Egypt to give up US civil aid in a decade

Egypt has declared it will stop accepting aid from the United States due to the political demands that accompany it.

Egyptian President Hosni Mubarak meets with US Mid (photo credit: AP)
Egyptian President Hosni Mubarak meets with US Mid
(photo credit: AP)
The Egyptian government has announced it will stop taking aid from the US due to the political obligations attached to it.
The Egyptian Minister of International Cooperation Fayza Abul Naga was quoted by local media as saying that President Hosni Mubarak has accepted a government proposal to give up the American annual aid because of the accompanying political demands.
According to the statement only non-military aid is being declined. Egypt is considered one of the US's strongest and closest allies in the Middle East and receives $1.3 billion in military aid.
"Relatively speaking the importance of US economic aid to Egypt became a fraction of the Egyptian Gross Domestic Production," Dr. Gamal Soltan, Director of the Al-Ahram Center for Political and Strategic Studies in Cairo told The Media Line. "The US economic assistance to Egypt over the past decade or so has come down from more than $800 million to something in the vicinity of $300 million."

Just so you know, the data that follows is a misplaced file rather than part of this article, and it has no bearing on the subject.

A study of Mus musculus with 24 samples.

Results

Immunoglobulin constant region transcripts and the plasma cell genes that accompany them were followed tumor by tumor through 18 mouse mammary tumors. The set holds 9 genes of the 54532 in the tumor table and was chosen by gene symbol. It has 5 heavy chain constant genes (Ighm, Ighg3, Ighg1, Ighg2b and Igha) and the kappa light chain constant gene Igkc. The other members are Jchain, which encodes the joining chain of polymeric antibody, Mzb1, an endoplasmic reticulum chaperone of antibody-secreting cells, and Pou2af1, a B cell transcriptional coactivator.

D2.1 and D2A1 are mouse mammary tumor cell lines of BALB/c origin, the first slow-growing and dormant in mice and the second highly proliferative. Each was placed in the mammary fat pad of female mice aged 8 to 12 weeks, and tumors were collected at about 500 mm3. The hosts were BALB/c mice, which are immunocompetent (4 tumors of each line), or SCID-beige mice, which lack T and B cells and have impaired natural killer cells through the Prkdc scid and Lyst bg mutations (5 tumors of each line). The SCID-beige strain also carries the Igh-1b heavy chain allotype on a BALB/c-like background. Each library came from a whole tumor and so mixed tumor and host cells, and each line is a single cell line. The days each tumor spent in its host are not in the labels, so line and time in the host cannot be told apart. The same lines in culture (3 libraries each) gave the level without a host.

"In the meantime the Egyptian economy has been growing and improving," Soltan said. "So it does make sense."
"The two governments agreed on a fading out of American economic aid," he said. "There are now negotiations about how the remaining aid can be better used for development in Egypt."
According to the US State Department between 1975 and 2002 the US Agency for International Development (USAID) provided over $25 billion in development and economic assistance.
After 2003 aid was switched to the Middle East Partnership Initiative program with a focus on economic reform, education and civil society.
"The military aid is important for both countries because it's part of the regional security and balance of power," Soltan said. "It's an expression of the American commitment to Egypt's security and an indication of the strong relations that the U.S. has with Egypt. It has nothing to do with the economy."
Dr. Walid Kazziha, Professor and Chair of the Political Science Department at the American University in Cairo echoed Soltan's sentiments."As long as the military aid is still on the relationship will not change," Kazziha said.   "But my view is that Egypt will be more reluctant politically to tow the American line in the region."
"Generally speaking," he said, "aid to Egypt will be reduced progressively."